The intervention on the Danube Canal deals with the topic of the river in the city. The river as a source of life and indispensable basis for the emergence of great civilizations. In many cultures it was a symbol of time and transience as well as of constant renewal.
It was associated with Vienna in its heyday of modernism in the late 19th and early 20th centuries. In a time of major restructuring, the city walls were demolished and the ring road with its magnificent buildings built. The Danube metropolis became a cosmopolitan city and set standards in painting, architecture and the arts and crafts. This nostalgia of this time is still felt today in the streets and museums.
The work is a tribute to this time and a bridge that connects this epoch with the present. Formal starting point are chairs of the Wiener Werkstätte, which were designed by Hoffmann, among others. The omission of the ornamental to the simplicity of functionality were much discussed topics of this time. The chairs were rebuilt in oversized polystyrene. The objects were then subjected to a multiple translation process: the first replicas of the original form were photographed above the water surface of the Danube. The reflections and the optical refraction through the water created a new form, which formed the model for the new objects. In these the basic form of the original is still present, but alienated by the water. The resulting objects were transformed into 3D models, which were subsequently reconstructed as objects.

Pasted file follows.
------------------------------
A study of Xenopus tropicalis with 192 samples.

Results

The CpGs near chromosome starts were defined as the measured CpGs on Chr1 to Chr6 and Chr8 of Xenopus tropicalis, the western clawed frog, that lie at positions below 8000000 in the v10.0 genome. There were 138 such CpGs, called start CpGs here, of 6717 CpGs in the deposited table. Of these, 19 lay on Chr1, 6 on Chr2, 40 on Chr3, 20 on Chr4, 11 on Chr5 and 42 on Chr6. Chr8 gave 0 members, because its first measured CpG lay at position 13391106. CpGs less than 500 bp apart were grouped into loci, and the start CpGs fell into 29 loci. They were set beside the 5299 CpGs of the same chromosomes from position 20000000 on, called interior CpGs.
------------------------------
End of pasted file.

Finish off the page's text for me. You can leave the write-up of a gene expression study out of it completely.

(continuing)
The objects were installed in such a way that the impression of a reflection takes place. The result is an image that connects the objects with the river via an optical illusion - an attempt to unite the flow, the time and the change.
This work was developed as part of a cooperation with and financial support from Wien Kultur and KÖR and was designed for the public space.